Taking the Pulse of the Marsh
Wetlands and coastal ecosystems are incredibly dynamic with change being a constant characteristic. Superimposed on their rhythmic changes are intensified pressures related to climate change, sea level rise, and intense human use. As the intensity of coastal storms increases and coastal communities become more vulnerable, calls for fortification of our coasts are increasing. Whether it is expanding bulkheads, artificial filling of beaches, or raising marsh elevations with dredge material, building coastal resilience will undoubtedly impact natural areas and the plants and animals that contribute to their function. Our understanding of these ecosystems and the wildlife that are dependent upon them may ultimately be the difference in the success of coastal resilience measures.
Last year, we expanded our work to study changes that are occurring and what they mean to the wildlife here. Our office is our laboratory and work done here in these marshes and coastal systems is significant and relevant to systems along the entire east coast of the United States. The richness of the fabric of these systems is remarkable. This is a special place at the center of one of the great migrations on planet Earth. The marshes and beaches of Cape May County are critical for a wide range of birds and other wildlife. Whether they are passing through on northbound or southbound flights to breeding grounds and wintering areas, arriving here to nest, wintering here, or are part of our year-round resident populations, the importance of these ecosystems cannot be underestimated. The vast marsh complexes that make this area so rich are also the key to coastal resilience in a complex web where disturbance, human or otherwise, can have a cascading effect.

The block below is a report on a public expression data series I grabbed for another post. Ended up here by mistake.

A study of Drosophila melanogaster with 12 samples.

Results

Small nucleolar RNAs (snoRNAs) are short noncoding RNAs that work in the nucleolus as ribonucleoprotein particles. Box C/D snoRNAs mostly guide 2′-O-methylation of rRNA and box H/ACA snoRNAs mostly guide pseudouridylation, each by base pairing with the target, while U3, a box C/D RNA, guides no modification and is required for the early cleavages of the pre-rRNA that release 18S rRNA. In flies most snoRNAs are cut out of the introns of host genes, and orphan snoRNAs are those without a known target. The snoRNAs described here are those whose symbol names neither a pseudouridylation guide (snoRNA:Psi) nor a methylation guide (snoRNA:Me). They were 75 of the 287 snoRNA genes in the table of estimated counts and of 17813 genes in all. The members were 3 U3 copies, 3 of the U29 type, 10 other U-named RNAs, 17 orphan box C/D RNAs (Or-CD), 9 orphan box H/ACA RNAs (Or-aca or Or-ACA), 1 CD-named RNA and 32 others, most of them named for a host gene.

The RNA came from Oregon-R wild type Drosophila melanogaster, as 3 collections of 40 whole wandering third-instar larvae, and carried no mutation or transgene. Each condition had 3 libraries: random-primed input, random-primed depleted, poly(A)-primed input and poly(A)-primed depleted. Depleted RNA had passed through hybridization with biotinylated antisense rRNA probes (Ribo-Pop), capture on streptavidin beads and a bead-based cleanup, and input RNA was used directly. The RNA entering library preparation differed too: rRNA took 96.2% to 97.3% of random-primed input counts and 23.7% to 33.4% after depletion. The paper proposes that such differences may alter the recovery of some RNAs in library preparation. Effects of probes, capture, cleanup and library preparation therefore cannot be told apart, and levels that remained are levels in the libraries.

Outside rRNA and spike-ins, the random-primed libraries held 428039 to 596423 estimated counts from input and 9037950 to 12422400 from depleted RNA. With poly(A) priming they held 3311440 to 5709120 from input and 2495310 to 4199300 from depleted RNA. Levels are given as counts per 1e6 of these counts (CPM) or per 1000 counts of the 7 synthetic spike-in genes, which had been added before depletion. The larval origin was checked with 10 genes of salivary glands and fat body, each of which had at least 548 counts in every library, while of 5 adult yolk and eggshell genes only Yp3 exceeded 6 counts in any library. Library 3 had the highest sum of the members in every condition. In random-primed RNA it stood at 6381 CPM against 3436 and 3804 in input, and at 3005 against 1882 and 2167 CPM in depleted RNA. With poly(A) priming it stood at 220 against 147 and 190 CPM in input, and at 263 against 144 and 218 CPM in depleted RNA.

To become the eyes and ears of the marsh, last year, we installed marsh elevation monitoring stations at the Institute with the support of the Davenport Family Foundation. This year, with their continued support, we will expand the program to include monitoring of key species and their role and relationship to the ecosystem. Information on how these species are influencing ecosystem dynamics and how their roles are changing will be instrumental in guiding engineering decisions that are being made to fortify our coasts. The understanding obtained through analysis of key marsh and coastal indicator species will help guide decisions that will impact the future of these marshes and the coastal communities that surround them.
We couldn’t undertake these projects without the support of our donors, members, and friends. As we come into the season of giving, I hope you will consider how your support can help fuel this crucial work.